Possible approaches to managing Duchenne

There are a variety of approaches that are used, as well as being investigated, for Duchenne.

  • Managing the disease, including
    symptomatic therapy

    There are a variety of ways you can help manage the impact of the disease on your child, including consultations with experts in nutrition, physical therapy, and/or mental health services. This list of experts is not comprehensive, and your child will probably need to see additional experts as the disease progresses. If you don’t have a care team in place, visit PPMD’s resources for information on how to create one. If you already have a full care team, consult with them to determine the best path forward based on your child's needs.

  • Anti-inflammatory medication

    Corticosteroids are the most commonly used medications for Duchenne. A doctor may prescribe these drugs to help slow down the muscle damage and weakness caused by the disease. They work, in part, by reducing inflammation — or swelling — in the muscles. They may also help the heart and lungs remain stronger longer, and reduce the chance of having a severely curved spine (a condition called scoliosis). There are various types of steroids; corticosteroids are just an example.

  • missing exon

    skipped exon

    Exon-skipping

    missing exon

    skipped exon

    In general, exon skipping technologies strive to address the underlying issue with Duchenne – a lack of the protein dystrophin. Many people with Duchenne have a genetic mutation in which one or more exons (a portion of a gene) in the dystrophin gene are missing. This causes errors in the instructions for making dystrophin, leaving the body unable to produce the protein. Exon skipping tells the body to hide an exon next to the missing piece, so the whole section can be skipped over and the remaining exons can fit together. The intent is to allow the body to make a shorter form of the dystrophin protein.

  • Nonsense mutation suppression

    A nonsense mutation is a change in the genetic code that tells the body to stop making a protein before it is finished. This prevents the production of full-length, working proteins. A therapy has been developed to allow the body to ignore (or “read through”) these incorrect “stop signs.” If the body can ignore the mistakes in the instructions for making the protein, it may be able to once again produce the full working protein. In the EU, one drug has received conditional approval to treat this nonsense mutation.

  • myostatin
    protein

    Myostatin inhibition

    myostatin
    protein

    Myostatin is a naturally occurring protein that limits muscle growth. It prevents muscles from becoming too large. While this is a good thing in healthy people, in people with Duchenne, this can make weakened muscles worse. Researchers believe that if they can stop myostatin from doing its job, it may help people with Duchenne develop more muscle mass early on in life. If muscle mass is built up earlier, it may delay the effects of the disease. This technology is currently being evaluated in clinical trials.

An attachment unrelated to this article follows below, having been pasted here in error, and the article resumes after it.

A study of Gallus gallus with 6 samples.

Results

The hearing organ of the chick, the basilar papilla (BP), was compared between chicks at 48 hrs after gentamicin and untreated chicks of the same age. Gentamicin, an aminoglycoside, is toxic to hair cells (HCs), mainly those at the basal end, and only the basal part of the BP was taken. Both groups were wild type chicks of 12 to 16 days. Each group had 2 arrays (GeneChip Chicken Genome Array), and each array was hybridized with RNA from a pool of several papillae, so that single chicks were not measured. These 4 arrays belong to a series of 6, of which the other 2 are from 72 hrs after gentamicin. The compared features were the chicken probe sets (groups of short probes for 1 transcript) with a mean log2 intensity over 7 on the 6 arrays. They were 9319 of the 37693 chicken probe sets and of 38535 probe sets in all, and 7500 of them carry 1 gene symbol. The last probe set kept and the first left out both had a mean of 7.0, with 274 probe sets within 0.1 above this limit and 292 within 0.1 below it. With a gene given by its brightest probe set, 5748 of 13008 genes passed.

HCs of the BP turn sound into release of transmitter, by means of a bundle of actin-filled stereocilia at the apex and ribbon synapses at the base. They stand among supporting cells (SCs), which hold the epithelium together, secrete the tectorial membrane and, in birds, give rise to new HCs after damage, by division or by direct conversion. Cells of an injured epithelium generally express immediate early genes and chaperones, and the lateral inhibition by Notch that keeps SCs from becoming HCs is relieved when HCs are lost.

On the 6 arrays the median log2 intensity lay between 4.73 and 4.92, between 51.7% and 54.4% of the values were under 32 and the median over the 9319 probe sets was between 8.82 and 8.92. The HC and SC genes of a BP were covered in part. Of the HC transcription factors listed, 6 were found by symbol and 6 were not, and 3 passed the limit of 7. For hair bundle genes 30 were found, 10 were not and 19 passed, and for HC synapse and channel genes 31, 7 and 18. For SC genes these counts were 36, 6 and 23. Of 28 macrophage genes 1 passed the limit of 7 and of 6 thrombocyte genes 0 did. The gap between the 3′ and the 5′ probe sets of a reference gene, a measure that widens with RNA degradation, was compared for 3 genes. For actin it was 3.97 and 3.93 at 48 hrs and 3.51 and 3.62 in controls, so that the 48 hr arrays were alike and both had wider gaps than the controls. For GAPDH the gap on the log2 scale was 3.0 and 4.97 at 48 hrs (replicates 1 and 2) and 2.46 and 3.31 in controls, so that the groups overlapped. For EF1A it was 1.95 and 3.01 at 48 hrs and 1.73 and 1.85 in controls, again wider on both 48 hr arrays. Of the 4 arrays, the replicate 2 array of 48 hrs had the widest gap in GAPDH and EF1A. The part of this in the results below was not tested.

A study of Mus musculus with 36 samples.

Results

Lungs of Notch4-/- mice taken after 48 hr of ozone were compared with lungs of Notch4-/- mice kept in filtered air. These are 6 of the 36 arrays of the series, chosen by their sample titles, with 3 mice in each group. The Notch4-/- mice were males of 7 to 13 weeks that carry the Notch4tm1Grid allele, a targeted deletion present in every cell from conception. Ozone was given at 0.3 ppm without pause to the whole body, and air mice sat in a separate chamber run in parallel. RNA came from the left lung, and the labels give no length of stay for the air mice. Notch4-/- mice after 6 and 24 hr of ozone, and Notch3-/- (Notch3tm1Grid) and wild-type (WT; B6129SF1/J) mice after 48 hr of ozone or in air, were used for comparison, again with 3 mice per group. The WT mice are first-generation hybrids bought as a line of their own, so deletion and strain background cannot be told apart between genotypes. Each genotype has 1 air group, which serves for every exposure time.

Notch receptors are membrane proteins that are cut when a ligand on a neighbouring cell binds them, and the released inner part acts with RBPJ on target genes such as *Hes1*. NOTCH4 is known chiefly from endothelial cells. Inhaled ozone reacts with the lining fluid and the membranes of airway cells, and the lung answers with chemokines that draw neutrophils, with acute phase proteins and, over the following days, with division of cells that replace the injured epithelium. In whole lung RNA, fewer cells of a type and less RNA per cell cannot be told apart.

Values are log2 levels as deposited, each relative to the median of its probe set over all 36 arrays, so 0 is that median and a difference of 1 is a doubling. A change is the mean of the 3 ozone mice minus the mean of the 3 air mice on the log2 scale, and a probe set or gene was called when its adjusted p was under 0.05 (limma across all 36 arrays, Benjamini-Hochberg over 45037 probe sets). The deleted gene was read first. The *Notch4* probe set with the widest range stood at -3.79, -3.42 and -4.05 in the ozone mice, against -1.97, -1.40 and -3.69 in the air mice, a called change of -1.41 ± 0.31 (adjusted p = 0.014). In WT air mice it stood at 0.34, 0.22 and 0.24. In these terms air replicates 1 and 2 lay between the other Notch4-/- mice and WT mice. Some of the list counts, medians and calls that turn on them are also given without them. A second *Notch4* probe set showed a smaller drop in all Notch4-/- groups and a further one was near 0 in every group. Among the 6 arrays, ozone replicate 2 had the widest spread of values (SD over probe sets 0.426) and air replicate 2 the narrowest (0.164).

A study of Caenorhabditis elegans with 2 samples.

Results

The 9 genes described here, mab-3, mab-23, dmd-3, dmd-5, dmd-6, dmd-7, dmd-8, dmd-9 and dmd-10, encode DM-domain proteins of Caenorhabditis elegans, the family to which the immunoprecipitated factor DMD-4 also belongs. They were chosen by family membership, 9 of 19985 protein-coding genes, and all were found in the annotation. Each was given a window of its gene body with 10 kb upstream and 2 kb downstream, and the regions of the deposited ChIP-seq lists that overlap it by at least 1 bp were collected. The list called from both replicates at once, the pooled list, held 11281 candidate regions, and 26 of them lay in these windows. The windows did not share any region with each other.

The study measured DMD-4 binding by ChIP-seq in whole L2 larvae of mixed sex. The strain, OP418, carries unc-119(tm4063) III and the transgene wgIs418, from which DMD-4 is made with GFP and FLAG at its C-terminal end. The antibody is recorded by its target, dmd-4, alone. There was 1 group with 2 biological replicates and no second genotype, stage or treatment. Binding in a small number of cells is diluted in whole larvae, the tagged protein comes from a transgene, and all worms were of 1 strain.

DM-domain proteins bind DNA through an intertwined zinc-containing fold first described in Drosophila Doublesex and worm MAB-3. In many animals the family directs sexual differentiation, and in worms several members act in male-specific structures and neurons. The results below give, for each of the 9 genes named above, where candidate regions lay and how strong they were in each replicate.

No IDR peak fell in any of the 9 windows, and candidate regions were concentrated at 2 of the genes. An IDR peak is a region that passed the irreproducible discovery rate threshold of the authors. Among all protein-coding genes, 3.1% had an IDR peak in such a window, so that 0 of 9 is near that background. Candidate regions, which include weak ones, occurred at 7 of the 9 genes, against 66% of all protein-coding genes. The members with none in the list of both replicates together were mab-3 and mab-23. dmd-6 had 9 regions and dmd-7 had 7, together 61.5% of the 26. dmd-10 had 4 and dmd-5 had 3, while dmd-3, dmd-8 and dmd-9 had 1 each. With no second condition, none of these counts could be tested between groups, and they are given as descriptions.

• Anti-fibrotics

    As muscles weaken and are damaged by Duchenne, a process called fibrosis takes place. Fibrosis is similar to scarring, and causes muscle fibers to be replaced by fat and connective tissue. This prevents muscles from working properly. Researchers are currently conducting clinical trials to determine whether these muscle fibers can be protected by medications that target the fibrosis process.


  • dystrophin
    protein

    utrophin
    protein

    Utrophin production


    dystrophin
    protein

    utrophin
    protein


    dystrophin
    protein

    utrophin
    protein

    There is another protein in muscle cells called utrophin. It resembles dystrophin and performs a very similar function. Utrophin is produced in the early stages of muscle development, but is then “turned off” in favor of dystrophin production. Researchers are currently investigating whether they can turn utrophin production back on and if this can help make up for the lack of dystrophin. This technology is currently being investigated in clinical trials.

  • Stem cell therapy

    The lack of dystrophin in people with Duchenne causes muscles to become damaged and weak. Muscles normally repair themselves, but without dystrophin, muscle damage gets more and more severe, until the repair process can no longer keep up. Researchers believe that if they use stem cells from normal muscle tissue, they may be able to inject them into people with Duchenne to create new muscle cells that function normally. This technology is still in the early stages of exploration.

  • Gene therapy

    Gene therapy is an experimental technique in the very early stages of development. The goal of gene therapy is to insert the correct gene instructions for a missing protein into a cell. For example, in Duchenne, it would insert the correct gene for dystrophin into a muscle cell. The challenge is – how do we get into the cell? Researchers are currently exploring using viruses as the “delivery man.” Since viruses already deposit their own genetic code into cells (this is how you get an infection), researchers believe it may be possible to change the virus by removing the harmful genes from the virus and replacing them with the needed instructions.

Visit the Muscular Dystrophy Association (MDA) or Parent Project Muscular Dystrophy (PPMD) to learn more.